People in Illinois are voting on Tuesday in primary contests for the Senate, House and governor, among others. The outcomes will help set up the general election, which will help determine what party controls Congress for the next two years.
Not sure if you can vote? Can’t find your ballot? Have your ballot but don’t know where to send it?
Here is a handy, last-minute guide to help get you through Election Day.
How to vote
Not registered to vote? No worries. In Illinois, voter registration never closes, according to Matt Dietrich, a spokesman for the elections board. You can walk into a voting location and register to vote up until the time the polls close, he said.
The deadline to request a mail ballot was June 23. If you haven’t received it, you can sign an affidavit saying so at your polling place and be given an in-person ballot instead.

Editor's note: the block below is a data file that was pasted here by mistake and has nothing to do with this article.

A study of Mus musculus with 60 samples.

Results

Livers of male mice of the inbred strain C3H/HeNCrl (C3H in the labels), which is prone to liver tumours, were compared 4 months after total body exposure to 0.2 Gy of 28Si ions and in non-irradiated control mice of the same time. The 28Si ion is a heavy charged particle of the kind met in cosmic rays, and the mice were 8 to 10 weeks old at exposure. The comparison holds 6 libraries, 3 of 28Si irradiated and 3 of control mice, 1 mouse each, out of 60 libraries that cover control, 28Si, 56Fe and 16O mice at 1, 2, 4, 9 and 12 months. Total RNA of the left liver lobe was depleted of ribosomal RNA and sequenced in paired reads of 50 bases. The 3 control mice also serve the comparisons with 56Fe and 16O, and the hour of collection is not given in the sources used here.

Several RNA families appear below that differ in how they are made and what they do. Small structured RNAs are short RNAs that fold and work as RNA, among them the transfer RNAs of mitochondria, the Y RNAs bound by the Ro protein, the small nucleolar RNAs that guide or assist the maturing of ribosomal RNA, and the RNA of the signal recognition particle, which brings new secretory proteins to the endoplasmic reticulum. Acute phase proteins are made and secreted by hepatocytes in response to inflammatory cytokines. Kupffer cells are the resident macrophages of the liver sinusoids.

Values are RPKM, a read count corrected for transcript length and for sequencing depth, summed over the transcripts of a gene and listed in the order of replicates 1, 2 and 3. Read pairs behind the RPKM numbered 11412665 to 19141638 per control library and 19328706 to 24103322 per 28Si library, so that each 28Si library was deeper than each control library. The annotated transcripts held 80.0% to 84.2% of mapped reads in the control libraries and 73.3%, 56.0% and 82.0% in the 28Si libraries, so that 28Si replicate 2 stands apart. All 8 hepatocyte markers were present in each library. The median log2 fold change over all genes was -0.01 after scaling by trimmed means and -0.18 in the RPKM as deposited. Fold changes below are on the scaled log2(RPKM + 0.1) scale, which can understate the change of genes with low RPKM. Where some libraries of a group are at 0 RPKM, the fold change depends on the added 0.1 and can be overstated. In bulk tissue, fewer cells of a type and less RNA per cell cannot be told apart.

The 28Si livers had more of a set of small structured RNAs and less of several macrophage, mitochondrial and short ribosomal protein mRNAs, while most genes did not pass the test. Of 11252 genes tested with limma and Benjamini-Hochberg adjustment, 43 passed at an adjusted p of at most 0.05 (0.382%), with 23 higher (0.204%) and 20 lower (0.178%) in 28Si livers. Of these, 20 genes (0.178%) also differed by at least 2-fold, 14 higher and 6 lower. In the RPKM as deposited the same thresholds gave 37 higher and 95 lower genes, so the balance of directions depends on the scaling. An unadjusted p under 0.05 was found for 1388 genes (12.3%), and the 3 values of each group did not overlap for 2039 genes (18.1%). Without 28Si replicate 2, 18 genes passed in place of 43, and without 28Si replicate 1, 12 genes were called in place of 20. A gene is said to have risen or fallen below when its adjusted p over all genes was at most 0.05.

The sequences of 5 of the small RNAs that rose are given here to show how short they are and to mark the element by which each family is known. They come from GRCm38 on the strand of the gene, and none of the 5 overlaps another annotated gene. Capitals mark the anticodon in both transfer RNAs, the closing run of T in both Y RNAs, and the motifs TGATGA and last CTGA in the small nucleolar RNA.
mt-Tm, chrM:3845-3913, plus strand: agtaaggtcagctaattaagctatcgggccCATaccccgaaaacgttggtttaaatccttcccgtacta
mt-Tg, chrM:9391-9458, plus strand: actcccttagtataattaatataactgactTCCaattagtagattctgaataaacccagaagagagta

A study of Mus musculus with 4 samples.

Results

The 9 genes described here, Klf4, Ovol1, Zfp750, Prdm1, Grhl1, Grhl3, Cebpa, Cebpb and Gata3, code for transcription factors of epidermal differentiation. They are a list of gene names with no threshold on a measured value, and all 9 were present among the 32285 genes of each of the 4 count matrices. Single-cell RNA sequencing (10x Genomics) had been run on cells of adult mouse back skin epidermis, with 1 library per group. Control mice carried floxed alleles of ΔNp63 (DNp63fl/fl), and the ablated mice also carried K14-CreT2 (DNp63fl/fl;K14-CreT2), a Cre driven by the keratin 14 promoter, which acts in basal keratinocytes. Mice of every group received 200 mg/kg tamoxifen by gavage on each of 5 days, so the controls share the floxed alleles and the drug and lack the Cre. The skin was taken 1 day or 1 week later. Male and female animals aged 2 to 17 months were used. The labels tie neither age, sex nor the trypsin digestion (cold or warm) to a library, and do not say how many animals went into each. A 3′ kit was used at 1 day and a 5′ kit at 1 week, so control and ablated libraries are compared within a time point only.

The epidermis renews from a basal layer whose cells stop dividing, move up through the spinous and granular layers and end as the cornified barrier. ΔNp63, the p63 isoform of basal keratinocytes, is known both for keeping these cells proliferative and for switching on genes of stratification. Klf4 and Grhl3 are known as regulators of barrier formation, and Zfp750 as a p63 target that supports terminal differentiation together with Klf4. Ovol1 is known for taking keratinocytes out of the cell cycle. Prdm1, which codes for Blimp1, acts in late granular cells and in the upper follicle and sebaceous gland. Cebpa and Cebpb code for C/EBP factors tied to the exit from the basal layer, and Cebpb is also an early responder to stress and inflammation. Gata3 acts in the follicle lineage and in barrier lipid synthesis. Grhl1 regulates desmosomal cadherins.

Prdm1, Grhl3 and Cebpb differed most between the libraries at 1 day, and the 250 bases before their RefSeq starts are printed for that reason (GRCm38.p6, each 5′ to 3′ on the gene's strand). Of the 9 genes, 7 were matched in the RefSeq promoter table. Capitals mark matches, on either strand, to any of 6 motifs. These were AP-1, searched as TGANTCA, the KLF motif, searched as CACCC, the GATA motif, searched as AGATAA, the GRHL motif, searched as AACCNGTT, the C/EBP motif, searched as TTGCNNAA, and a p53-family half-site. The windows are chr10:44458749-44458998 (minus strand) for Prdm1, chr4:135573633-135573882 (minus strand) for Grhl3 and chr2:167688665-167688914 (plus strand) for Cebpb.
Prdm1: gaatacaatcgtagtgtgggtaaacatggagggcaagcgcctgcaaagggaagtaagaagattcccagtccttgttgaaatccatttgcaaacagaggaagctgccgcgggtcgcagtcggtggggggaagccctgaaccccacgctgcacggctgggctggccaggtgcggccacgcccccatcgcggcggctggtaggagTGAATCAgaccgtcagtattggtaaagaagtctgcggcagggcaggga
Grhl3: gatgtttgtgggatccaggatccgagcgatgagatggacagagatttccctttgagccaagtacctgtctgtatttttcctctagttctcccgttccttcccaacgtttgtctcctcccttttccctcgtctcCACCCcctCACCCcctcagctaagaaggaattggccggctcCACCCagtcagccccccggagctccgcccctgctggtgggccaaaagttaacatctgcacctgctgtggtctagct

Mail ballots have to be postmarked no later than Election Day and be received within two weeks of Election Day.
Where to vote
On Election Day, voting sites open at 6 a.m. and close at 7 p.m. You can look up your polling location here.
Need to turn in a mail ballot? Find a list of drop box locations on this website.
What’s on the ballot
There are crowded statewide Republican primaries for Senate and governor, and nearly every congressional district has either a Democratic or Republican primary contest.
To see what is on your ballot, the elections board recommends contacting your local election authority; a list is available here. But this website may be a faster and simpler way to see the races that will be on your ballot.
The post Illinois: How to vote, where to vote and what’s on the ballot. appeared first on New York Times.